It’s been a little over a year since William Walker took public the commercial lending firm his grandfather founded. The move resulted in $4 million to $5 million in new taxes and compliance costs for Walker & Dunlop, but gave the Bethesda firm $100 million from the initial public offering to grow.
And that it did.
Last June, Walker & Dunlop opened an office in Irvine, Calif., gaining a foothold in greater Los Angeles, the second largest multifamily mortgage market in the country. Six months later, the company snapped up a team from Deutsche Bank Berkshire Mortgage to run its new Nashville office. Those moves, coupled with a handful of hires throughout its eight other offices, upped the firm’s total staff to 200 from 157.
There were more loan originators, asset managers and underwriters to handle the high volume of deals Walker & Dunlop completed in the past year. It recorded a 27 percent increase in loan originations, closing out 2011 with a $16.8 billion portfolio of 1,800 loans.
Nearly 80 percent of the $4 billion in loans Walker & Dunlop originated last year were tied to government-sponsored entities (GSEs), such as Fannie Mae and Freddie Mac. A majority of the firm’s business is concentrated on financing apartment buildings and then selling the loans through the mortgage giants.
The company in 2011 produced the second highest volume of multifamily loans through Fannie Mae’s Delegated Underwriting and Servicing program.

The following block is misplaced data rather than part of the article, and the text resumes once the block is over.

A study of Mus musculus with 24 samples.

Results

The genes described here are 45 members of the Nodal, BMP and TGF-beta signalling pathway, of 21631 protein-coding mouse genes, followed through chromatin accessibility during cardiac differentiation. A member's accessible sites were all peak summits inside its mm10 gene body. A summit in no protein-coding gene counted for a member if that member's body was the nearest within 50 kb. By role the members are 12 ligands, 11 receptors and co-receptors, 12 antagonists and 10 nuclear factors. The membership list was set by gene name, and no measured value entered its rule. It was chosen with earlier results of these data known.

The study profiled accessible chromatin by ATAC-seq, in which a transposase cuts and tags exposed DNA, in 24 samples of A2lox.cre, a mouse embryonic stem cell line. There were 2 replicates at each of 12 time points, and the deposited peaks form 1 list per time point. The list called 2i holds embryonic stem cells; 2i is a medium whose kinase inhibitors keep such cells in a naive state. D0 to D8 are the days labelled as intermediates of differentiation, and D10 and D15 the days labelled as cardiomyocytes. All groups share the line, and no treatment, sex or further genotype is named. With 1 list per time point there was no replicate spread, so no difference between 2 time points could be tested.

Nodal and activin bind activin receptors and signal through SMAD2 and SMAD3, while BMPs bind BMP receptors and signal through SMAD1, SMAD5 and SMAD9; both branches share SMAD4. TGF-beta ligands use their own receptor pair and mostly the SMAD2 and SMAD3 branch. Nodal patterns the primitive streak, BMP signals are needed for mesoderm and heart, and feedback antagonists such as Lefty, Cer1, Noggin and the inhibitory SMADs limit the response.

But market watchers say Walker & Dunlop’s close ties to the embattled agencies, which the Obama administration has promised to wind down, could hamper its growth.
“The long-term situation of the GSEs is always going to be an issue because it’s going to dictate what [Walker & Dunlop’s] business model looks like,” said analyst Bose George of Keefe, Bruyette & Woods. “But at the moment, its outlook looks very good. Earnings are very strong. Revenues are very strong.”
Walker & Dunlop has yet to report year-end earnings, but in the third quarter it posted a profit of $6.1 million and $33.4 million in revenue, a 50 percent jump over 2010. It carried no loans more than 60 days delinquent on its books at the end of September. And in the first six weeks of this year it announced 13 new transactions.
“Without any exogenous shocks, 2012 will be another active year of financing for the industry,” said Walker, the firm’s chief executive. “There is a huge overhang of refinancing out there, particularly as some loans originated in 2005 and 2007 into [commercial mortgage-backed securities] pools come up for refinancing.”
Walker is concerned about the future of the GSEs, but is leery of Treasury Secretary Timothy F. Geithner’s pledge earlier this month to lay out more details in the spring on the reform of the GSEs.
“For Geithner to come out and make such a dramatic statement without providing the private sector a plan is nothing other than politics,” he said. “If people really felt what he said was a real risk to a company like Walker & Dunlop, our stock would have fallen because we do so much business with the agencies. But our stock was up the day after.”
Walker & Dunlop’s stock traded around $12 to $13 a share for most of 2011, up from its initial per-share price of $10.
“I always thought the capital markets were very efficient to the extent that what was going on inside of a company was being immediately reflected in a stock price,” Walker said. “But being a small-cap company, which has only so many eyes on it, there is a significant delay between what we do and market reaction.”
George agreed Walker & Dunlop’s stock is undervalued because investors are unfamiliar with the firm and lack a competitive set of companies for a comparative analysis. Most of its peers are units of larger financial firms, rather than stand-alone entities, he said.
“It’s been an education for investors to appreciate the model,” George said. “As the company matures as a public company, people become more aware of it and see the stability of its earnings, it will get reflected in better valuation.”